If you consider yourself a world citizen, wouldn’t you like to have a world passport, that would allow you to travel anywhere in the world?

After all, the Universal Declaration of Human Rights says you should be able to have one:

Everyone has the right to leave any country, including his own, and to return to his country. – Article 13, Section 2, UDHR.

So let me tell you the fascinating story of the first world passport, and how it came about. Just as the Universal Declaration of Human Rights was initially implemented in 1948, a man named Garry Davis, sick at heart over his own role as a B-17 bomber pilot in World War II, renounced his American citizenship in Paris so he could become, in his words, “a citizen of the world.” In his memoir, Davis wrote:

Ever since my first mission over Brandenburg, I had felt pangs of conscience. How many bombs had I dropped? How many men, women and children had I murdered? Wasn’t there another way, I kept asking myself.

Supported in his unusual action by writers and intellectuals like Albert Camus, André Gide, Jean-Paul Sartre and Eleanor Roosevelt, Davis received worldwide acclaim and support, including this telegram from Albert Einstein:

I am eager to express to the young war veteran Davis my recognition of the sacrifice he has made for the well-being of humanity, in voluntarily giving up his citizenship-rights. He has made out of himself a “displaced person” in order to fight for the natural rights of those who are the mute evidence of the low moral level of our time. The worst kind of slavery which burdens the people of our time is the militarization of the people, but this militarization results from the fear of new mass-destruction in threatening world war. The well-intentioned effort to master this situation by the creation of the United Nations had shown itself to be regrettably insufficient. A supra-national institution must have enough powers and independence if it shall be able to solve the problems of international security. Neither can one nor has one the right to leave the taking of such a decisive step entirely to the initiative of the governments. – Einstein on Peace, p. 704.

Garry Davis then set up the World Service Authority in 1954, registering almost a million people as fellow world citizens. He gave away thousands of his passports to people in refugee camps, and he traveled the world as an advocate for peace and global citizenship until he passed away in 2013. The WSA still exists, and issues what it calls a World Passport, printed in seven languages including Esperanto. You can declare yourself a citizen of the world, and get a world passport at the WSA website.

However—I wouldn’t recommend you give up your current national citizenship, or attempt to use your new World Passport while traveling everywhere. Garry Davis himself tried to, and because many immigration officials wouldn’t accept his document, went to jail in thirty countries as a result.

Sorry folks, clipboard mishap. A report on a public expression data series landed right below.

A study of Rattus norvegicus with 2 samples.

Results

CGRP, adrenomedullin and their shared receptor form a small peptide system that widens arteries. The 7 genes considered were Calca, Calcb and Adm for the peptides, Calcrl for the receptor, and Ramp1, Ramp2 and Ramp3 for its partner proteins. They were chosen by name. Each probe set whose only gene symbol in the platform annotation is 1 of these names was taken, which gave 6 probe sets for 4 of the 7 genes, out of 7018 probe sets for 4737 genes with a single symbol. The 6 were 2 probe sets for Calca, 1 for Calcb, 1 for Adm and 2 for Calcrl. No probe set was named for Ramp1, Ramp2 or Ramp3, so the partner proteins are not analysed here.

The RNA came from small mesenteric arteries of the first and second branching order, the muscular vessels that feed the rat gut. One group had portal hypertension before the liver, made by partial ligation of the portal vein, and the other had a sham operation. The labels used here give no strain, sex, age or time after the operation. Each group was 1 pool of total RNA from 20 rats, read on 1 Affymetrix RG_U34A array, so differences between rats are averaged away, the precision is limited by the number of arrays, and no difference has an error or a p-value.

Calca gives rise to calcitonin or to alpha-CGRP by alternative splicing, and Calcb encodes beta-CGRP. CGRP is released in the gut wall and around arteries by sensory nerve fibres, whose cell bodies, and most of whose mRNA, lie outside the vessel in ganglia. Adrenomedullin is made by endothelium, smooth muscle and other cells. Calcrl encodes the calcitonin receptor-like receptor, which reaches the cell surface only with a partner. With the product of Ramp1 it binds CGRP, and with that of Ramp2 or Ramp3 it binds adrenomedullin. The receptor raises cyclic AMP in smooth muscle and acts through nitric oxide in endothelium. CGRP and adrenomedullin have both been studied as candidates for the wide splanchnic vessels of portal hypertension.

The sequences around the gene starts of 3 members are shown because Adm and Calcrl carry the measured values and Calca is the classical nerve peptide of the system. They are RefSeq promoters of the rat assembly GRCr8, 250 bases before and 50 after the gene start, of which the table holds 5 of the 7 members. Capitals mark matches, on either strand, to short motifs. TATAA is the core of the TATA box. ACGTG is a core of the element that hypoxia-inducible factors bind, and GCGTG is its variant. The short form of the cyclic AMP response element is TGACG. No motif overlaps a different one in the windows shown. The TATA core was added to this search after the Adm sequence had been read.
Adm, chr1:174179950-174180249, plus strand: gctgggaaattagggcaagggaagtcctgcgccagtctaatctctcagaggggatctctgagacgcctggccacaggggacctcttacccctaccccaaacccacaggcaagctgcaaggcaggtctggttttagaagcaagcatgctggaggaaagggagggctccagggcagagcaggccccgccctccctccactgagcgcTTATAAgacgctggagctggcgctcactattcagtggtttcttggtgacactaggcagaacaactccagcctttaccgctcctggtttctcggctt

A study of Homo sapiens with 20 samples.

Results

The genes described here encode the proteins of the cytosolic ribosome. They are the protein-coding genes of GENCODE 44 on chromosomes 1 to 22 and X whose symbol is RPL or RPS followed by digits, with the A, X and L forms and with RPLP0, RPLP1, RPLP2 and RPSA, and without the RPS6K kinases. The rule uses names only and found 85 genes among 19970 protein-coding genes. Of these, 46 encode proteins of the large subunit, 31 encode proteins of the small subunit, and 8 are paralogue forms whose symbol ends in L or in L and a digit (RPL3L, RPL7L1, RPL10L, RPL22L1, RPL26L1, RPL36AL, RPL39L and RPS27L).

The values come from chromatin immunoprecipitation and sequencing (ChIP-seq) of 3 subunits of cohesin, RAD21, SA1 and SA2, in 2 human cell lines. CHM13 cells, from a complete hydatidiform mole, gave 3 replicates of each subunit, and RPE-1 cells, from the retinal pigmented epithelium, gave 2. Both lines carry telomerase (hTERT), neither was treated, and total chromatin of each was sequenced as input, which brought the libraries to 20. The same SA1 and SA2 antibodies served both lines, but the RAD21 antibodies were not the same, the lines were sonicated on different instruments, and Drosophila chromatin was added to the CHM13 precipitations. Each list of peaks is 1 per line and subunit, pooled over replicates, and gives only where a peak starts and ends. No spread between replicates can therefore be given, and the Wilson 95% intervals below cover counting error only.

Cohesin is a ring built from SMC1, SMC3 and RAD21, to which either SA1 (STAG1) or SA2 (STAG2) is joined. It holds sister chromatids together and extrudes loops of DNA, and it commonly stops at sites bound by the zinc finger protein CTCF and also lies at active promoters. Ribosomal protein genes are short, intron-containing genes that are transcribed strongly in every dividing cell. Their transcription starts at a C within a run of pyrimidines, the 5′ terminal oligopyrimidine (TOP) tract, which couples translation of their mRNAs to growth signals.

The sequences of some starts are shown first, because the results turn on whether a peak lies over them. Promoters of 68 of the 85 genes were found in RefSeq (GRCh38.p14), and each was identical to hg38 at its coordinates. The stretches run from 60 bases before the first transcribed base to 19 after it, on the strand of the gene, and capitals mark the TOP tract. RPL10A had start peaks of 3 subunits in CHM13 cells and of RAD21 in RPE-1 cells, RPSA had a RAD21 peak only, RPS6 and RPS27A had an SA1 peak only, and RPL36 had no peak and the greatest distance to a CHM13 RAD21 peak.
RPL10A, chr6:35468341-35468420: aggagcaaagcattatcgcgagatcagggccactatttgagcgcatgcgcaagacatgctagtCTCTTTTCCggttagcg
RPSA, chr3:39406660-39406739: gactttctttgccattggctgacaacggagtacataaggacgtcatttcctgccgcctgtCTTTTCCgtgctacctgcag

Instead, wouldn’t it be terrific if a legitimate international government existed, and could issue a true world passport, recognized and accepted everywhere? Wouldn’t it be great if everyone could travel everywhere?

Think for a minute about what that could potentially accomplish. With everyone free to travel anywhere, we would begin to break down the barriers between peoples and nations. Rather than seeming like foreigners, we would soon become friends. The global connections unrestricted travel could build might eventually help avert the next terrorist incident or regional conflict. The freedom to travel across a planet with open borders, as a global citizen with a true world passport, could represent a major step on the path to a more encompassing, connected and friendly world, and help pave the way to world unity.

Then, on top of those considerable benefits, give this amazing data some thought: a meta-analysis of multiple research studies by economist Michael Clemens at the Center for Global Development produced an estimate that open borders would result in an increase in the Gross World Product (GWP) of between 67-147%–with a startling median estimate of a doubling of global GWP. If we would only open our borders to people like we have opened them to free trade, in other words, we could increase the world’s total economic prosperity by a hundred percent. Unrestricted movement of people across borders would make us all much more prosperous.

The Baha’i teachings call this natural human prerogative—the free and inalienable right to travel, to visit other places and meet other people—a cause of the spiritual education and progress of the soul:

The human spirit is a divine trust which must traverse every degree, for traversing and passing through the degrees of existence is the means of it acquiring perfections. So, for example, when a man travels in an orderly and methodical manner through many different countries and regions, this will most certainly be the means of acquiring perfections, for he will see at first hand various sites, scenes and regions; learn about the affairs and circumstances of other nations; become familiar with the geography of other lands; acquaint himself with their arts and wonders; become informed of the customs, conduct and character of their inhabitants; witness the civilization and the advancements of the time; and be apprised of the manner of government, the capacity, and the receptivity of each country. In the same way, when the human spirit traverses the degrees of existence and attains each degree and station—even that of the body—it will assuredly acquire perfections. – Abdu’l-Baha, Some Answered Questions, newly revised edition, p. 231.